Continuation of previous post that had been written on separate paper and wasn’t attached to the first paragraph
She huddled in a thick fur coat on the corner of the street, leaning on the edge of the old brick building that leaned over the street like a giant, a watching giant. She shivered against the cold masonry that touched the back of her neck and calves: bare, except for the tattered fishnet stocking that did little for her chills. Her toes ached from the pointed heels that gleamed from their plastic sheen. The hot pink color looked too perky to her; too girly in the dull gray of the cement and the smudged bricks in the background; too springy for the middle of winter. Spring, with its real warmth and comfort, was what she yearned for, not the coddling of faithless husbands and lonely men that left her colder than she was before. Warmth was what she, like all the street crawlers and walkers, craved: real, living warmth. Something more than a coffee, the heat of a department store visit, the quick touch of a stranger, the warmth that became present when the chilly air didn’t blow, when the subways let off their heat through metal grates. They wanted something like the warmth of a real home, a real lover, a real meal every night. Even for a moment to feel like they could obtain this, this was better than a temporary sensation. Their hope was the strongest thing for them. She wrung her gloved hands, shifted, left foot, right foot; feeling her silky black dress try to cling to her fading curves. The hunger each day brought was beginning to feel normal to her. She never thought—those few years ago in a cafeteria every day—that hunger would be so prominent in her life. The wind hit the street in cold, crisp squalls. She turned her head to take the blow.
He glanced up as the howls of the subways turned into harsh calls of nature’s breathing. He saw a woman down the sidewalk, hiding in a dark fur coat from the passerbys that paid her little attention. The black nets on her legs, stiletto heels, and the fringe of a silky black dress showing underneath the coat revealed what she was to him but he didn’t care. He had no pay for her wares no desire; that had gone out with the money, and the warmth. No, he looked at her and saw something, someone like him: torn, cold, hungry, desiring only of the most basic of human needs, wants, what at this point could be called passions. If only he could have those passions again.
She opened her dry, red eyes and saw the man huddled in layers by the trash bin on the corner of an alley a few yards away. He was looking at her with sad gray eyes; grayess that felt so much more alive than his graying layers, the graying bricks, the unending grayness. They didn’t look with lust like some men’s or primal hunger like others or disgust like most everyone. They were looking with the feelings she felt, just to be full and warm for a moment, for a night. Not to feel used or to feel useless. Not to feel stepped on or stood up, even if it were part of the job. They were eyes that wanted companionship and a future but right now all they needed was warmth. She didn’t want a calloused, clammy hand against her cheek; not some body heat against her leg or whiskey breath upon her neck. Just pure, unpaid for warmth, and caring.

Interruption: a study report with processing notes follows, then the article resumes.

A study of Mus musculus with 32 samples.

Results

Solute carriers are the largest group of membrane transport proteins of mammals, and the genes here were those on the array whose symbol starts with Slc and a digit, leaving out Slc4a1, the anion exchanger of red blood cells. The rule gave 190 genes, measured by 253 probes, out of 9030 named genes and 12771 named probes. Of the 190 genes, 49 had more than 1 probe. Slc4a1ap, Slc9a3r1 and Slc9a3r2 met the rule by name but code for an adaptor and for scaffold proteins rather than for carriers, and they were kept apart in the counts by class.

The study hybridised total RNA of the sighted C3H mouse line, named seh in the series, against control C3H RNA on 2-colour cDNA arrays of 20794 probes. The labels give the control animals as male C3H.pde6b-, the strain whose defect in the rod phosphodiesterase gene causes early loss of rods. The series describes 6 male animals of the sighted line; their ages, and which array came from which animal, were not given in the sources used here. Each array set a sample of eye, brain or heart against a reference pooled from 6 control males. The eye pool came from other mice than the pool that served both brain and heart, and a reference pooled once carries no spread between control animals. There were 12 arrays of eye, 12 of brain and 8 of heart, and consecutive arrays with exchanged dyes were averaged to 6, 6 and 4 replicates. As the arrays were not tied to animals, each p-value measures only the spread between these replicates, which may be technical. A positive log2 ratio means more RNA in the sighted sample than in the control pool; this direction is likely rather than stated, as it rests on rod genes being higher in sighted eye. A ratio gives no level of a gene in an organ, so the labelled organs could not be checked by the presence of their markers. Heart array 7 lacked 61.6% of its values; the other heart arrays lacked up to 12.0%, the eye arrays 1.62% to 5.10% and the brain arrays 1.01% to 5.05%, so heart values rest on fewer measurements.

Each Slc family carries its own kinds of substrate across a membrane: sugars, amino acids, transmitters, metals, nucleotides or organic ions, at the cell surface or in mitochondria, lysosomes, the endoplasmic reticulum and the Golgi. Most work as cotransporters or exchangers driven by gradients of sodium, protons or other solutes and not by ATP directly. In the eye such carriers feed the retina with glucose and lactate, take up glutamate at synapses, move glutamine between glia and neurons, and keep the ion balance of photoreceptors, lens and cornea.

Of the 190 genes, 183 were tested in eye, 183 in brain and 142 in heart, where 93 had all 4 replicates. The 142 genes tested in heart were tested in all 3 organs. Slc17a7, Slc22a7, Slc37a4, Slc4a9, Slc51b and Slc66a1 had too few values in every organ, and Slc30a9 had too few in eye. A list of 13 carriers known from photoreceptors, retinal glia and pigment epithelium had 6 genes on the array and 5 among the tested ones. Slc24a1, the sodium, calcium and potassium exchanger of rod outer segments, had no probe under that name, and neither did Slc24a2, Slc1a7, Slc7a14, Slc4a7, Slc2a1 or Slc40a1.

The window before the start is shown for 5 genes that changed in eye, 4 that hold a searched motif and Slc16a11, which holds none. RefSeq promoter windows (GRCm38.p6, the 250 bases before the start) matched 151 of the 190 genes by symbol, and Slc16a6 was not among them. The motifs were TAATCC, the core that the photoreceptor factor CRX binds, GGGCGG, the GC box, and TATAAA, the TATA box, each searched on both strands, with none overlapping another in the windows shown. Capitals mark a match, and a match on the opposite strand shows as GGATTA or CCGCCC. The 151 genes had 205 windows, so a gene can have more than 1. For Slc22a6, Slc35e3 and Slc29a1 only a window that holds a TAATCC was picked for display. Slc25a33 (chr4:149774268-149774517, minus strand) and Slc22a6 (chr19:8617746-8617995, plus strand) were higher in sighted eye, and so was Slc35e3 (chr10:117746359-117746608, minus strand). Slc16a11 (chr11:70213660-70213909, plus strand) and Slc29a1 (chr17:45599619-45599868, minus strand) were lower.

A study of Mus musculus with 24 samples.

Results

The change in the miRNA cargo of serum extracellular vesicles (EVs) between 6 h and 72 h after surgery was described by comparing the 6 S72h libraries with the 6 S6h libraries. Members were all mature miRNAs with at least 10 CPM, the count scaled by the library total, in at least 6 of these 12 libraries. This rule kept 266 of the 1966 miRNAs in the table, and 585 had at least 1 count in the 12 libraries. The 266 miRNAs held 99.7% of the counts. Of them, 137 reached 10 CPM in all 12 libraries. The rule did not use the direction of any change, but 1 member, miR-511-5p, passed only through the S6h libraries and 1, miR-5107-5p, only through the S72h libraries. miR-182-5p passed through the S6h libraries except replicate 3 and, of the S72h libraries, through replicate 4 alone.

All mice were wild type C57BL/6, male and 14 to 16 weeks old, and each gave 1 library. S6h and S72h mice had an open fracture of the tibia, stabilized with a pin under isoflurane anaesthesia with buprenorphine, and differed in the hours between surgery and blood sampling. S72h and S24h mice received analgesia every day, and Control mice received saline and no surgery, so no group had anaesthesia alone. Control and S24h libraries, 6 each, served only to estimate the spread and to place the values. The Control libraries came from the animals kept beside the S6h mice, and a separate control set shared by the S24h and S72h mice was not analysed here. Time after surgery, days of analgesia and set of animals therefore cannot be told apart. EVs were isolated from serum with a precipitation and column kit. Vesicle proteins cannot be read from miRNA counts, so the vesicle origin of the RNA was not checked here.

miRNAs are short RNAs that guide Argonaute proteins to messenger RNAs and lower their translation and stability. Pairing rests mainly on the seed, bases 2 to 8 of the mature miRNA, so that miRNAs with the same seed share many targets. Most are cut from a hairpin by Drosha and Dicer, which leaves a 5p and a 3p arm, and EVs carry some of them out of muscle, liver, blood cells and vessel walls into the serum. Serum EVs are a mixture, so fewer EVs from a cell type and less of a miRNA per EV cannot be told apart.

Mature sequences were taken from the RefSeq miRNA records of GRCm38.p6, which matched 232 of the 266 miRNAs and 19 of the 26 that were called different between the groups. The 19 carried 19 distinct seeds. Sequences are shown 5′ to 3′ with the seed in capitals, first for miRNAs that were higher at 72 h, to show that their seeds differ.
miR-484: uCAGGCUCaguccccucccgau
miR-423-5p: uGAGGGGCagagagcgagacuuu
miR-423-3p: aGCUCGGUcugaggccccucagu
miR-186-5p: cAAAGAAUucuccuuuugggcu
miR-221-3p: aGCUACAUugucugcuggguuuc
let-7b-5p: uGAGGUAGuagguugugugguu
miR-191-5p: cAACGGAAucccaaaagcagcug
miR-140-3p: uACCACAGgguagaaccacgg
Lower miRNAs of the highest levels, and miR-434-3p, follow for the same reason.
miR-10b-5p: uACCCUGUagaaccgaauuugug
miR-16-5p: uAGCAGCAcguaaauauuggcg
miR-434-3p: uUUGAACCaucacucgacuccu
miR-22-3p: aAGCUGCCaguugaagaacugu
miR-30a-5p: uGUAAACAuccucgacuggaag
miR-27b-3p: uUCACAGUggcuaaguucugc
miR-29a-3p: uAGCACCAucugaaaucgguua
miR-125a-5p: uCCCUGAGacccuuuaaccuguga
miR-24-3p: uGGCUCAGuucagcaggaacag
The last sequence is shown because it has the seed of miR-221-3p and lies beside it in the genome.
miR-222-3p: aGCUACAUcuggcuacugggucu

He saw her blue eyes tinged with faint pink, dryness from the wasted tears, tears that no longer healed or cleansed. They were tears that just came. He could see wisps of graying blonde hair underneath her black knit cap, hairs that should not be graying yet. He could see her ashy cheeks and forehead fold in thought. He could see her contemplating him, not like the passerbys or the pigeons contemplated him.
She straightened her back, stood almost apart from the wall but keeping her shoulders on it, and took a step sideways toward the bum on the corner. Then she paused, why was she doing this? Why try to live? Why try to find a moment of warmth? Comfort? The winter wouldn’t end for a few more weeks. Perhaps this moment could save her, at least get her by.
He saw her move closer; saw her look away as though she shouldn’t. He waved his hand in its rotting glove, felt the ache of arthritis and the creak of winter. He saw her inch a bit closer; her cheeks red from blushing and the frigidity of the wind. She looked as cold as he felt. In her skimpy clothing her skin faced the elements much more than his did hidden within his old clothing. He waved his hand again, motioning for her to simply sit beside him. They shared the street as their home, so why not share a seat?
Her heels clip-clopped in a sidestep along the wall, as though she was afraid to disconnect from the wall, as though she might fall off the earth or be swept up into the sea of the city to be lost more than she already was. She inched over to the bum in his tattered coat and gloves and stringy hair that snuck out of his hat. She stopped about a foot from him, looking down at him and smiled. Her lips were too dry and her throat to raw to speak but he smiled back and patted the freezing cement beside him and held out one of his torn blankets. She slid down the wall and scooted up next to him. Her hip bumped up against his fluffy coat. He placed the blanket over her legs and she leaned her head on his shoulder to wait out the cold night.
This work by Sarah Holmes is licensed under a Creative Commons Attribution-NonCommercial-ShareAlike 3.0 Unported License.